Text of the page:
We’ve been going through a lot as a society the past year and a half. If you haven’t noticed, there has been a pandemic obliterating life as we know it, and every time it seems like things are improving, another variant pops up and everyone forgets how to be considerate of those around them.
Even with multiple types of COVID-19 vaccinations available for free and without an appointment at drugstores all over the United States, only half of the country is currently vaccinated. It seems like this will never end, and it completely sucks. Now, why would anyone want to relive this time through fictional media?
That’s the issue with long-form realistic television shows: if a television series is set in contemporary times and is going to include certain contextualization of the zeitgeist, will they include anything about the pandemic? Will we see COVID-19 on TV, and how? It would seem like a massive oversight to just pretend that this massive global event never happened.
At the same time, many people watch TV to be entertained and to partake in a certain level of escapism from the everyday challenges of their lives. Seeing the tragic events of this pandemic unfold on our TV screens may just be too much for a lot of people. Or it may come across as tasteful – or perhaps offensive, if mishandled by the production teams.
So, which direction do representations of COVID-19 on TV seem to be taking?
The newer shows that everyone is watching
Starting with the show everyone is always talking about – HBO’s “Succession” – it would work against the central conceit of this show if they didn’t integrate the COVID-19 pandemic into the plot of its long-awaited third season. Because the media has played such a big part in spreading both information and misinformation and in contributing to mass hysteria, a television series revolving around the dangers of media monopoly and the familial politics that influence this monopoly would absolutely need to address COVID-19.
Still, the pandemic will not be completely sidestepped, as the show’s creator “wants to be delicate about it and just classy” regarding the events of the past 18 months. We won’t know for sure how much of the plot will be affected by COVID-19, but audiences can expect to at least see face masks and hand sanitizer doing some major legwork, at the very least.
It seems that HBO’s reboot of “Gossip Girl” is taking a similar approach, peppering in COVID-related mentions without making the pandemic a central part of the plot. Perhaps it would have been interesting to see how the theme of privilege that “Gossip Girl” engages with could offer insight into how the wealthy elite of New York City escaped when that was the epicenter of the pandemic. However, that also seems like it may have been out of place in such a teen-centric social drama.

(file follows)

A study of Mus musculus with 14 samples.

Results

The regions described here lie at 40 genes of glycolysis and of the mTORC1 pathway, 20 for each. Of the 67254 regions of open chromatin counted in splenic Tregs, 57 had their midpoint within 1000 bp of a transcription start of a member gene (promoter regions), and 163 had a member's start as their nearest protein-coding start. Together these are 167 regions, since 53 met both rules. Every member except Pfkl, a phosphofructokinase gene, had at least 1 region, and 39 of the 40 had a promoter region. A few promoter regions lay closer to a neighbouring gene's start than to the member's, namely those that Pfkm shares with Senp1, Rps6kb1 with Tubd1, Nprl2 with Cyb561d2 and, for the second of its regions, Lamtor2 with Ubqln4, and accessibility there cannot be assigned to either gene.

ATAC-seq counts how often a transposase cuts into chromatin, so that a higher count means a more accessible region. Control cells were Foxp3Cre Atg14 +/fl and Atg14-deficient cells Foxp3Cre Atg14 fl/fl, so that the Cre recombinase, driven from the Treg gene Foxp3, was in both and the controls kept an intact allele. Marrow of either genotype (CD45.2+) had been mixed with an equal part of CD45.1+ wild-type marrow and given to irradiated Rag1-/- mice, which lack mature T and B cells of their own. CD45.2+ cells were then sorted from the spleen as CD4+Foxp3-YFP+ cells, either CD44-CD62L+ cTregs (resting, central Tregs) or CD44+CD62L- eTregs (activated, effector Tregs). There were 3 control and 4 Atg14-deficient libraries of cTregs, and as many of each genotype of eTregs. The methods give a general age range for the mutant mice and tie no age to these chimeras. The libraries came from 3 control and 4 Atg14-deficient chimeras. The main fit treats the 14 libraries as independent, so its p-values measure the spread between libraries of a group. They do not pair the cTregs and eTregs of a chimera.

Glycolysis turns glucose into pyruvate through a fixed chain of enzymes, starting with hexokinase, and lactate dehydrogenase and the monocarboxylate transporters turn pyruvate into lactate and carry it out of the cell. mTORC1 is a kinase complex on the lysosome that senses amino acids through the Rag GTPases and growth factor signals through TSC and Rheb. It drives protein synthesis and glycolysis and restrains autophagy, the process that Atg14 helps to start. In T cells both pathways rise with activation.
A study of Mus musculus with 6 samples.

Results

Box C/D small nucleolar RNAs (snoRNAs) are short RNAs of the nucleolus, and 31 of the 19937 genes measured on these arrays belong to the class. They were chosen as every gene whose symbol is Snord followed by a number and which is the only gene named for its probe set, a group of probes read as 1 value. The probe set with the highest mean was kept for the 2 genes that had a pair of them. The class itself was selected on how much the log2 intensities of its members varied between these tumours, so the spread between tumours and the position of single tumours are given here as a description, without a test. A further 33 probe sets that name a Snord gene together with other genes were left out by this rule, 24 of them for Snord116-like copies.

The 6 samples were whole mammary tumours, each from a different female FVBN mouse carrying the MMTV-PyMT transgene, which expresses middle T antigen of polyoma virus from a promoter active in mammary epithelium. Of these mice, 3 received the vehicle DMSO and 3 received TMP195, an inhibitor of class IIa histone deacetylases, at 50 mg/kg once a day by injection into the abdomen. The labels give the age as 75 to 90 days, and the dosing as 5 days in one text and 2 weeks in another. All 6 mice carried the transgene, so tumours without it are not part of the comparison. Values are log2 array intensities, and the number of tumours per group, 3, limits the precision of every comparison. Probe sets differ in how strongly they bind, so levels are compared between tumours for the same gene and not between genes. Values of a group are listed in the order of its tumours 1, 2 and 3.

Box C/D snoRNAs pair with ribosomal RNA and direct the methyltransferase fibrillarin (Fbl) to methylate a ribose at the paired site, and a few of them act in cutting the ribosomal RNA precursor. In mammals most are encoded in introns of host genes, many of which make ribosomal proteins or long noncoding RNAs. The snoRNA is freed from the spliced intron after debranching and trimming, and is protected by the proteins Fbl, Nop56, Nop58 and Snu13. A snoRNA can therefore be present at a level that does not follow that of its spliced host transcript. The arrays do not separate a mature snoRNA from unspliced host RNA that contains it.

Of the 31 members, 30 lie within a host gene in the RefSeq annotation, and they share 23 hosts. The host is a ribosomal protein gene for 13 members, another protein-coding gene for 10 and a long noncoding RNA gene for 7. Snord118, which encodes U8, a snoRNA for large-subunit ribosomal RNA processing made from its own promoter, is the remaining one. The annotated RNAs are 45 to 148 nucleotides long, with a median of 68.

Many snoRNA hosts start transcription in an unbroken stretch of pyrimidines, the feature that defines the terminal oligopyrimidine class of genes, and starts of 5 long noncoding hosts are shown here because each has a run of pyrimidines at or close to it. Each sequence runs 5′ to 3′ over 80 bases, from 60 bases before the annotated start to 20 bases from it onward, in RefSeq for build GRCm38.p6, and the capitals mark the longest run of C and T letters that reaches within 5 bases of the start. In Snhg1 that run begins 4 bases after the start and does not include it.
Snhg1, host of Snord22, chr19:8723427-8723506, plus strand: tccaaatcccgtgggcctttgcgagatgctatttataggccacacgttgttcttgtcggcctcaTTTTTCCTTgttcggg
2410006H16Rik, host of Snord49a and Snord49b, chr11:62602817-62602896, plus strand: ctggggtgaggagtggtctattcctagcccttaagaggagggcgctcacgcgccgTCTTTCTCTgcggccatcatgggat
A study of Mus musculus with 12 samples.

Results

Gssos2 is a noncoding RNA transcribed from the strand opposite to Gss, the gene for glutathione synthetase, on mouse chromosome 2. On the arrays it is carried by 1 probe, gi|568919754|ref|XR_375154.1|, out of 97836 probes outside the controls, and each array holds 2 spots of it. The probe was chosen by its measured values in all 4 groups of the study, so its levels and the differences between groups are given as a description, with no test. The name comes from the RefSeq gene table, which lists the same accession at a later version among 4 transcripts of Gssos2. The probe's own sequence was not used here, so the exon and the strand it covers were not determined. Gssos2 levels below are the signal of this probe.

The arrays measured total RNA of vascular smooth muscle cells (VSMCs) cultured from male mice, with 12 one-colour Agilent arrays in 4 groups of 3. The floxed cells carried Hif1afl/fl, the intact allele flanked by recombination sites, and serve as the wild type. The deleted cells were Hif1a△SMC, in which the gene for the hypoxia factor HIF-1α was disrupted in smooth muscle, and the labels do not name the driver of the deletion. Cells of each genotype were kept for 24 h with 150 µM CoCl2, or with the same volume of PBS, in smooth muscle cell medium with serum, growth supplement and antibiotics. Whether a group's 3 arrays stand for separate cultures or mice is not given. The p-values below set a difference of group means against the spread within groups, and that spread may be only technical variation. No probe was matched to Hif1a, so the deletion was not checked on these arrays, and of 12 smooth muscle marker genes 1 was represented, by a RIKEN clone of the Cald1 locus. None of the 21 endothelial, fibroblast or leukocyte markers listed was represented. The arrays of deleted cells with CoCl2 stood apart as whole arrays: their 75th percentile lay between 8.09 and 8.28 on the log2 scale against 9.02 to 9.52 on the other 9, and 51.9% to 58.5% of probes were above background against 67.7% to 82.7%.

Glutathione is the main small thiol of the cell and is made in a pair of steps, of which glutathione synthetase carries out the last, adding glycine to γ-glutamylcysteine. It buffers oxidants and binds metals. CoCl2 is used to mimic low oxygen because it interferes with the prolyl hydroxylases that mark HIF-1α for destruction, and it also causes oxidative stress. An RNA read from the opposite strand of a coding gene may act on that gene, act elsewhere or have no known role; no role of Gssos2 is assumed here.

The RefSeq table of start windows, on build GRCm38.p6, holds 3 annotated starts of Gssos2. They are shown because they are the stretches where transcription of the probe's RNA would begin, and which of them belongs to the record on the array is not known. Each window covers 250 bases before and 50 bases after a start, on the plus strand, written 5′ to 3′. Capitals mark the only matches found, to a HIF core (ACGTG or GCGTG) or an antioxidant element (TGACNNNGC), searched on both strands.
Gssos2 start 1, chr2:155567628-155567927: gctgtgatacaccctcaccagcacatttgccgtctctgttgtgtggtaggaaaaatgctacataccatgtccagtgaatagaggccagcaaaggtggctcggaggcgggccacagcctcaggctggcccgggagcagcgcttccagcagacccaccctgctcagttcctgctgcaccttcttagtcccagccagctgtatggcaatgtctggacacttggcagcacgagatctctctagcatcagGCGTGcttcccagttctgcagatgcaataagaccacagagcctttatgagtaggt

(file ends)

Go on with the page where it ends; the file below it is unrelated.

Another massive current hit, “Ted Lasso,” doesn’t seem to address the pandemic at all. The Apple+ show about an overly optimistic, somewhat mixed up soccer coach was not able to integrate COVID-19 into its plot. Because the titular protagonist, Ted, is an American living in the United Kingdom, the entire pandemic could’ve completely eviscerated the central plot mechanism of this series. Not to mention issues with international travel and with the sports entertainment industry, as well. The pandemic is not even mentioned within the premise of the show’s second season, which was released earlier this summer.
Although newer programming appears to be tiptoeing around the pandemic while finding its footing, long-running hits are taking another interesting approach. Notably, fan-favorite “Grey’s Anatomy” transplanted COVID-19 majorly into its latest season.
It’s not necessarily out of pocket for a medical drama to address a public health issue. In fact, that seems on-brand. And “Grey’s Anatomy” really invested its plot in the pandemic this year. Obviously, the hospital setting of “Grey’s Anatomy” would force the characters of the show, who are medical professionals, to interact with COVID-19 patients among other things like vaccination and personal protective equipment (PPE) shortages. This isn’t where the integration ends, however.
Spoiler alert: Protagonist Meredith Grey even caught COVID-19 and is in critical condition with it. While this kind of representation can play as a reminder that no matter who you are, you are capable of catching this disease, seeing the pandemic used as a plot device in this way may also come across as crass. People actually did die from COVID-19 … in fact, people are still dying; it’s not just a catalyst for character development or something to drive up ratings. Still, these stories need to be told, and critics seem to be in agreement that “Grey’s Anatomy” handles this sensitive topic with care.
Another episodic drama that has a focus on the pandemic is “Law & Order: SVU.” Premiering earlier in 2021, it became immediately obvious that this show was taking a rather strange approach in handling COVID-19 on TV. Its latest season (No. 22, actually), engages with the pandemic in New York. Masks are present from the get-go, but it seems like no one really uses PPE properly, not even the main cast.
While it appears that the production team attempted to include as many COVID-19 references as possible into the show, it is also clear that they did not want the realities of the pandemic to impact how people communicate on screen. They’re using masks, but they’re not using them in the way that anyone is advised to do so. This is perhaps the most bizarre representation of the pandemic on fictional TV thus far.